The SDGs call for “a spirit of strengthened global solidarity.” Problems that cross geographies and sectors require collaboration that does as well.
The good news is that we’re seeing a variety of players step up for the SDGs, from youth activists striking for climate action to cities embracing sustainable living conditions to corporations embedding sustainability into their core plans.
This is important, but more solidarity is needed, especially when it comes to mobilizing financing and reaching the furthest behind. Governments alone can’t achieve the SDGs, but they have a key role to play, and they need to play it better. In 2018, Official Development Assistance declined 2.7 percent – just one example of an area that needs improvement. The international community must mobilize adequate and targeted financing both domestically and internationally, including improving domestic revenue mobilization and meeting commitments for development assistance.
“End poverty in all its forms everywhere.”
Extreme poverty has been cut by more than half since 1990. Still, around 1 in 10 people live on less than the target figure of international-$1.90 per day. A very low poverty threshold is justified by highlighting the need of those people who are worst off. SDG 1 is to end extreme poverty globally by 2030.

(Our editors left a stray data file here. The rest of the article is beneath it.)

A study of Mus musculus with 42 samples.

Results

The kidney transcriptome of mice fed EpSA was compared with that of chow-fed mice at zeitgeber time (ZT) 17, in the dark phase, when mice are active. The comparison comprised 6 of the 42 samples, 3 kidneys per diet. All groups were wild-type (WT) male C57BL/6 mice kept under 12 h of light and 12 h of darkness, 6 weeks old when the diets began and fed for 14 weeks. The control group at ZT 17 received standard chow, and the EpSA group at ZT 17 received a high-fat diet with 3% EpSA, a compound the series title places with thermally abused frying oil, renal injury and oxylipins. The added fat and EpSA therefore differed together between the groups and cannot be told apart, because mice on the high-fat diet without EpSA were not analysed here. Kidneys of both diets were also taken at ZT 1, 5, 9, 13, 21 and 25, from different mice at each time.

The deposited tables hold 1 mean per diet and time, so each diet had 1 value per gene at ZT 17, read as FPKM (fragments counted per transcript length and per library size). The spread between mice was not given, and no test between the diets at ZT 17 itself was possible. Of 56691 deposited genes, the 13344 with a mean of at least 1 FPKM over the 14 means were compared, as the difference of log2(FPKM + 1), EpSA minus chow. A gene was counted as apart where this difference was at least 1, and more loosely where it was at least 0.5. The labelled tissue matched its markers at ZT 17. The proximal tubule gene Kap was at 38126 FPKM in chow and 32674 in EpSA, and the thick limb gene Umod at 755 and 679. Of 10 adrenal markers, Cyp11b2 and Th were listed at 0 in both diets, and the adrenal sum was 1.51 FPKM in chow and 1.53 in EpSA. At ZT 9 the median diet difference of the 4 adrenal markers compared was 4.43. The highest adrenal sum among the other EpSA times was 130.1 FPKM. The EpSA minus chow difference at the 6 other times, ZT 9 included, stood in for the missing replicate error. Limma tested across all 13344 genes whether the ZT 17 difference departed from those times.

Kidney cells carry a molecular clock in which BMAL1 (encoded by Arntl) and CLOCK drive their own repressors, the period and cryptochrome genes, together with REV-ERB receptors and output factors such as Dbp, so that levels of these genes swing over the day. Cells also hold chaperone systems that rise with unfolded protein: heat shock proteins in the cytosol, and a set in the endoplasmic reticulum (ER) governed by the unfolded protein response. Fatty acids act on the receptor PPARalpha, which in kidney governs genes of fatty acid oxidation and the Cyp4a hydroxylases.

“Strengthen the means of implementation and revitalize the global partnership for sustainable development.“
Increasing international cooperation is seen as vital to achieving each of the 16 previous goals. Goal 17 is included to assure that countries and organizations cooperate instead of compete. Developing multi-stakeholder partnerships to share knowledge, expertise, technology, and financial support is seen as critical to overall success of the SDGs. Public-private partnerships that involve civil societies are specifically mentioned.